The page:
Trump: some day maybe Putin will be my friend

Trump: some day maybe Putin will be my friend

U.S. President Donald Trump said he does not expect much from his meeting with Russian President Vladimir Putin in Helsinki on July 16. At the same time Trump that he and Vladimir Putin become friends one day.

Speaking during an unscheduled press conference at the NATO summit in Brussels, the U.S. leader calls Putin a “competitor” and says he is representing the best interests of the Russian people as he represents those of Americans.

"Ultimately he's a competitor - he's representing Russia, I'm representing the United States," Trump said. "In a sense we're competitors, it's not a question of friend or enemy. He's not my enemy. Hopefully some day maybe he'll be a friend, it could happen, but I just don't know him very well." 

Trump added that his sit-down with Putin will be "just a loose meeting," but said significant progress could be made in the relationship. He expects to discuss a range of topics with the Russia president including Ukraine, the situation in Syria, the INF treaty, arms control, and Russian meddling in U.S. elections. 

"We'll see what happens—it's just a loose meeting, it's not going to big schedule. I don't think it should take a very long period of time. We'll see where it leads, but it could lead to something very productive," Reuters cited President Trump as saying.

Asked if Trump's statements about Russia and Europe could cloud his meeting with Putin in Helsinki, Putin's spokesman Dmitry Peskov said its agenda would include many conflicting issues.

The director of the Roosevelt Fund of Study of the US at Moscow State University, Doctor of Historical Sciences, Yuri Rogulev, speaking with a correspondent of Vestnik Kavkaza, noted that these statements by Trump about the upcoming talks with Vladimir Putin were primarily addressed to European countries. "They are not real allies for Trump now, because he believes that the EU is unfair to the United States," he said.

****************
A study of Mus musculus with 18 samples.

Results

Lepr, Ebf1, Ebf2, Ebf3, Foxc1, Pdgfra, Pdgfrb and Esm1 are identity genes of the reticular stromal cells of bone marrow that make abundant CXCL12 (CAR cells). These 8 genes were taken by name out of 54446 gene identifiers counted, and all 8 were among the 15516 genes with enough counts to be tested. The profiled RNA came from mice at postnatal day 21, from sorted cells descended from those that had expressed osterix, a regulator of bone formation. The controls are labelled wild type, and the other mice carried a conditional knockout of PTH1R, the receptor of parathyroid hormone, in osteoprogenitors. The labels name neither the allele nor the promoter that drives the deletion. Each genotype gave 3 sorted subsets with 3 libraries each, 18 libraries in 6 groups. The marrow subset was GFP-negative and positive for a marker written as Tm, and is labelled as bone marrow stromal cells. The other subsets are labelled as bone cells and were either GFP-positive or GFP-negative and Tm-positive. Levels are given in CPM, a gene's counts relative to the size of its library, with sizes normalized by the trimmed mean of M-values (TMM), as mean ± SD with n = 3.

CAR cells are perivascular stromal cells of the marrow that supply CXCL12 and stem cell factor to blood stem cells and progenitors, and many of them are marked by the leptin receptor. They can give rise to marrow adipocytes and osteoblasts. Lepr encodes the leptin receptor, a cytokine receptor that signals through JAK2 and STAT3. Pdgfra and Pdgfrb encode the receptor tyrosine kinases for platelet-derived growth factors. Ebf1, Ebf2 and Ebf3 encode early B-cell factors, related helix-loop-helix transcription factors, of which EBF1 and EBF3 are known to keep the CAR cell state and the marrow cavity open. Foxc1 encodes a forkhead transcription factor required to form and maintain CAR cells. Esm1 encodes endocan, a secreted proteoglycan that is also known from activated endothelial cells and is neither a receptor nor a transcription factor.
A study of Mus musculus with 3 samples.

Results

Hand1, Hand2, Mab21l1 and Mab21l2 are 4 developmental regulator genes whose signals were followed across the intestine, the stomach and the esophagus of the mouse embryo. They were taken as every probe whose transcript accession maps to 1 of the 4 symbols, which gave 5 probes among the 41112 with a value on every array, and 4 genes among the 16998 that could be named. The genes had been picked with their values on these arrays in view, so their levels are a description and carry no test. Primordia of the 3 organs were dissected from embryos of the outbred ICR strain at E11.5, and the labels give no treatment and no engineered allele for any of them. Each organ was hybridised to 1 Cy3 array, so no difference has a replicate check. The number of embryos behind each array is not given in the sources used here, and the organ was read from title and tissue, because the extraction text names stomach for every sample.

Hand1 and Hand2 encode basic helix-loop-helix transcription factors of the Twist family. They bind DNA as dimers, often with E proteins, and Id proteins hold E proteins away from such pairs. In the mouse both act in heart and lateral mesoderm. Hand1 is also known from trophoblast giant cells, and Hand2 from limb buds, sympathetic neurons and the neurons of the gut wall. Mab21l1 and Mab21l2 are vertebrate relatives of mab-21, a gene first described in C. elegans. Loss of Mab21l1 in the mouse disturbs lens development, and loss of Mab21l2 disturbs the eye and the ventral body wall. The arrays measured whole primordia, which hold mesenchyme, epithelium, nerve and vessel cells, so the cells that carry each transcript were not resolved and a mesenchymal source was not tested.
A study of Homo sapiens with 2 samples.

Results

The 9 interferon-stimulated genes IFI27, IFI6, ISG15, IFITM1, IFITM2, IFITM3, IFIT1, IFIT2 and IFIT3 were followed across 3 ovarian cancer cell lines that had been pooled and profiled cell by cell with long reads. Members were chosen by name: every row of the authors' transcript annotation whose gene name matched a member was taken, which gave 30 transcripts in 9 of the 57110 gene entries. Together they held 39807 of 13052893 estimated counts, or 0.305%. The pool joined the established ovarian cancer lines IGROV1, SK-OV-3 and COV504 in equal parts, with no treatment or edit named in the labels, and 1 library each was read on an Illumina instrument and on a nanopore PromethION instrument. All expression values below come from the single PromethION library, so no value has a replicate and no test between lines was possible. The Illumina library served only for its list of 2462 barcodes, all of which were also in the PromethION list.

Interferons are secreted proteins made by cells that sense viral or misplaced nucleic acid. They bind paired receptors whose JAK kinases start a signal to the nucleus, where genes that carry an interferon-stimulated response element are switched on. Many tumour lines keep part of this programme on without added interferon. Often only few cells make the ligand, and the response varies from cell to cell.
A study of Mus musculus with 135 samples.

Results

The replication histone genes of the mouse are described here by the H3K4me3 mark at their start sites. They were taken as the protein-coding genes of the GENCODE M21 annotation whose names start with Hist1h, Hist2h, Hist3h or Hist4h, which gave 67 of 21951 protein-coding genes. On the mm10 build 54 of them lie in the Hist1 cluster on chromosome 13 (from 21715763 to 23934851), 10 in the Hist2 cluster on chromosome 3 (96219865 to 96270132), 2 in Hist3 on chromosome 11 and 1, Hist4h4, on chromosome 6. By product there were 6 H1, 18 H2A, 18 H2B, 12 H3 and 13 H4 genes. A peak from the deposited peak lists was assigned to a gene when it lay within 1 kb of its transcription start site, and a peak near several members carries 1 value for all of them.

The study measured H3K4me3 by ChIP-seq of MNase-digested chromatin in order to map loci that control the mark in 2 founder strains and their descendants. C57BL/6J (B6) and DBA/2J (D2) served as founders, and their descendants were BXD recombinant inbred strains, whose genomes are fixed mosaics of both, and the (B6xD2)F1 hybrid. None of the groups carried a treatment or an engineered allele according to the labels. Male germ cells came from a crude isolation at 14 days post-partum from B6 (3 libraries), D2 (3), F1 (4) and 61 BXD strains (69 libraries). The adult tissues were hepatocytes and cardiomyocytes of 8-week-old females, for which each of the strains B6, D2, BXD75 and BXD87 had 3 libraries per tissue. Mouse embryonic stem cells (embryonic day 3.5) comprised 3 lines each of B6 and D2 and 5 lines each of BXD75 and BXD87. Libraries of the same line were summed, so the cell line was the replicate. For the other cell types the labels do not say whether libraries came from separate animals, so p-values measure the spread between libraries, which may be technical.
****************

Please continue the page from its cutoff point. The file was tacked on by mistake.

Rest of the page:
According to Yuri Rogulev, in fact Trump will not come up with any radical proposals at the meeting with Putin. "His current statement should be treated as an element of pressure on his allies, so that they were more cooperative in terms of increasing their defence spending, and in terms of acquiring more American goods, and so on" the expert drew attention.

"It can be said for sure that Trump will try to be tough at the talks with Putin, he is generally supportive of talking from a position of strength. Therefore, he will exert all sorts of pressure, of course, showing both 'carrot and stick'. He can say that if Russia does not meet halfway on some issues, instead of curtailing the exercises in the Baltics, they will be increased," Yuri Rogulev concluded.

The senior research fellow at the European Research Centre of the International Relations Institute of the Russian Academy of Sciences, Vladimir Olenchenko, agreed that Trump's promise to make friends with Putin was addressed primarily to US partners in NATO. "Trump demanded to raise defense spending to 4% of GDP, although now only 4 out of the 29 NATO members give 2% of GDP to military needs. Of course, this requirement did not arouse delight among US partners, so the words about the possibility of making friends with the Russian president should be understood as promise that Trump will decide international issues with Putin, and not with Europeans," he said.

But at the same time, this is an appeal to Russia as well. "Since the Baltic states, Ukraine and Syria were named in one row, it may be an announcement of the US next steps concerning Russia. The readiness to stop exercises in the Baltic states may be a proposal in exchange for certain concessions on our part in the Syrian or Ukrainian settlement. It is unclear yet what it means, since we are not a party to the Ukrainian crisis. The Syrian issue is being actively discussed, I think the Americans are afraid that they can stay out of the settlement," Vladimir Olenchenko noted.

The expert also expects that Trump will be acting all tough at a meeting with Vladimir Putin. "In November, there will be midterm elections for the US Congress, and the Republicans represented by Trump, are trying to gain popularity and be tough," the senior research fellow at the European Research Centre of the International Relations Institute of the Russian Academy of Sciences concluded.